So you’ve done your teacher training (or gone through the hiring process for an alternative certification program). And now you’re told you still need to take the Praxis? What’s going on here? Why do you have to take the Praxis before you can get a teaching license?

You have to take the Praxis because of state and federal regulations

NCLB Act- take the praxis -Magoosh

President Bush signing the No Child Left Behind Act into law.

As part of the No Child Left Behind Act, the federal government requires that all state-licensed teachers be highly qualified. The United States Department of Education gives states and school districts some flexibility in demonstrating that their teachers are “highly qualified”. Within that flexibility, the federal government requires state-licensed teachers to pass tests in subject area competence.

The test that teachers take to get their license does not have to be the Praxis. However, many state teacher licensing boards trust the Praxis and feel it has a proven track record in assessing teaching ability. As a result, teachers in quite a few states have to take the Praxis.

You have to take the Praxis Core to show general academic ability

The Praxis Core, tests general ability in math, reading and writing. It is the most commonly required Praxis exam for teachers. A good score on the Praxis Core proves you have basic competence in math and language arts at the K-12 level. States ask teachers to take the Core so that they can show they have mastered the same academic skills that their students must use. When you pass the Praxis Core, you show that you can help students read, write, and do math at any grade level and in a variety of subjects.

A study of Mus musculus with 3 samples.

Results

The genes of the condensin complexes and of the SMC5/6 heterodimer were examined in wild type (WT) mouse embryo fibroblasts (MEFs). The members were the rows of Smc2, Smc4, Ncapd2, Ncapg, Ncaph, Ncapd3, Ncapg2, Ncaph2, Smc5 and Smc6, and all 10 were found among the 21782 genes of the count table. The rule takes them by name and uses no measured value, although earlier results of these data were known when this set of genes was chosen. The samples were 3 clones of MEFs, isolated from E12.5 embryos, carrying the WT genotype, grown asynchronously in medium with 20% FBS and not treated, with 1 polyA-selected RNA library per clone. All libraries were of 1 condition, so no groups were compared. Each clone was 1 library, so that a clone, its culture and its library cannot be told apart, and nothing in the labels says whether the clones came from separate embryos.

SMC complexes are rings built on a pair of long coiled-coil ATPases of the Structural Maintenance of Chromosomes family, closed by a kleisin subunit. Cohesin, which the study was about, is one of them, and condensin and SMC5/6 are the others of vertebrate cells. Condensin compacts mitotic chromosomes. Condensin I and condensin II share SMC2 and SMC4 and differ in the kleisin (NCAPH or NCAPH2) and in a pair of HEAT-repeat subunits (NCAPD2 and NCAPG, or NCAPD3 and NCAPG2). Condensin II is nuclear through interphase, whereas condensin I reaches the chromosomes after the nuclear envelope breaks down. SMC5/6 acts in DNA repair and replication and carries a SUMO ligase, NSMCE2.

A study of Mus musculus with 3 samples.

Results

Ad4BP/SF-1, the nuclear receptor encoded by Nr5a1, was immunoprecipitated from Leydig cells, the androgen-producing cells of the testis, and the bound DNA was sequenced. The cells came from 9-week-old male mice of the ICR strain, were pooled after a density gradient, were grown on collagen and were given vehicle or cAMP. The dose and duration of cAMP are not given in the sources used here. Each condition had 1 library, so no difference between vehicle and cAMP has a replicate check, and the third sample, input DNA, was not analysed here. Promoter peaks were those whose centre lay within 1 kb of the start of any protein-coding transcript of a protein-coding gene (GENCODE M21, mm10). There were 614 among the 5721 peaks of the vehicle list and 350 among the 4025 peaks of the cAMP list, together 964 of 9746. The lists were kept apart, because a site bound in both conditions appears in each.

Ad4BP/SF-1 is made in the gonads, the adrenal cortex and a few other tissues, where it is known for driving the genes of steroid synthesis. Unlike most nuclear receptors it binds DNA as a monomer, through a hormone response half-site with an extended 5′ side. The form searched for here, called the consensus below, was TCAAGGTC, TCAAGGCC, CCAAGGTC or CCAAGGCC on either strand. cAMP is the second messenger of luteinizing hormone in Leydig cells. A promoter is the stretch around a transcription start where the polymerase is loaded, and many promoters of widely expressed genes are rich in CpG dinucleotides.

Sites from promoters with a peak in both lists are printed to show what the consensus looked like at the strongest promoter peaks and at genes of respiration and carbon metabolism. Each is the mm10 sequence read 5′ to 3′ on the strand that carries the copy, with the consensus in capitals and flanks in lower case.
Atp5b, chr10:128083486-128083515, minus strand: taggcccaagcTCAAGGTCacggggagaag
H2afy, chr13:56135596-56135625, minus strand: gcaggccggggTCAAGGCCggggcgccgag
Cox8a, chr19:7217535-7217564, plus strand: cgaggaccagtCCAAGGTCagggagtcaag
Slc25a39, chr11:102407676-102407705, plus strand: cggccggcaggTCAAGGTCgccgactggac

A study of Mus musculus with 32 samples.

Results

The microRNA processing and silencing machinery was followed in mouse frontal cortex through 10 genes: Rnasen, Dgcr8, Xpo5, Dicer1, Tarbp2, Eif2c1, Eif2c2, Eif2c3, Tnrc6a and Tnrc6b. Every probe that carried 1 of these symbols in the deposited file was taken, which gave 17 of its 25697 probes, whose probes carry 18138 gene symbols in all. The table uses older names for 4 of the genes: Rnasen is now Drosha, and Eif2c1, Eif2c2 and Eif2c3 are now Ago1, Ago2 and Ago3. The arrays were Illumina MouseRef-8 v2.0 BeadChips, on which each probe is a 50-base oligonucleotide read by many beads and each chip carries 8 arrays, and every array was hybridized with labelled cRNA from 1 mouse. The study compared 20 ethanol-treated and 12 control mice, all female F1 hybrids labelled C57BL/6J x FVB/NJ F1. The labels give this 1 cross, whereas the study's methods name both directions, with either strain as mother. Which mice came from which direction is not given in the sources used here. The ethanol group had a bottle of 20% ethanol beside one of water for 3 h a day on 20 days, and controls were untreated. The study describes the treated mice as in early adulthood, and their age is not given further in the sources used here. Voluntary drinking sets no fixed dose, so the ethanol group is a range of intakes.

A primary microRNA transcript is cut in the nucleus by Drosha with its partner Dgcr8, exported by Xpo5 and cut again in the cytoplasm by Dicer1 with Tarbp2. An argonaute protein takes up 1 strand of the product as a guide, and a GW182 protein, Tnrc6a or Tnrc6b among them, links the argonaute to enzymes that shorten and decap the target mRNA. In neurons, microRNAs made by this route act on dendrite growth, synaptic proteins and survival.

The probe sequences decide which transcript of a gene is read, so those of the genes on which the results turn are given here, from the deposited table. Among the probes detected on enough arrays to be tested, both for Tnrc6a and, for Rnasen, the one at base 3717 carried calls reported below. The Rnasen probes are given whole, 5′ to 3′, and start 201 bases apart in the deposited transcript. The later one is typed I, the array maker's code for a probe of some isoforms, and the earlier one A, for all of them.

You have to take the Praxis PLT to show general teaching ability.

The second-most commonly required Praxis test is the Praxis PLT. The Praxis PLT tests your knowledge of learning theory and teaching practice. The Praxis PLT is not specific to any one academic subject. Instead, the PLT is used to see if a teacher knows about the art of teaching. Because learning psychology and teaching methods are very different for different age groups, teachers are asked to take a PLT that is specific to the age group they will teach.

If you’ve been asked to take the Praxis PLT, you have to take it in order to prove you are knowledgeable about your chosen profession.

You have to take the Praxis II (AKA a Praxis Subject Assessment) to prove you’ve mastered a specific content area

No teacher is simply given a general permit to teach any subject they like. Instead, teachers get certified in specialty areas such as language arts, social studies, high school math, early childhood education, and so on. State licensing boards want to be sure that you know your chosen content area well enough to teach it.

The purpose of the Praxis II is to test teachers on specific content knowledge in their license specialty. If you’re studying to be a Chinese language teacher, you’ll need to take a Praxis II test of your Mandarin Chinese abilities. If you’re studying to be a high school business teacher, you’ll be asked to take a Praxis II exam full of questions about business and methods for teaching business. And so on…

The takeaway

It can be frustrating to be faced with a test after you’ve already done a lot of work to become a teacher. But the Praxis exams are one of the most painless steps toward becoming “highly qualified.” States ask you to take the Praxis because it is a simple, easy-to-understand measure of all that you have accomplished in your own past studies. Think of the exam as a final step toward being a teacher. Having to take the Praxis is the culmination of all of your diligent study and hard work.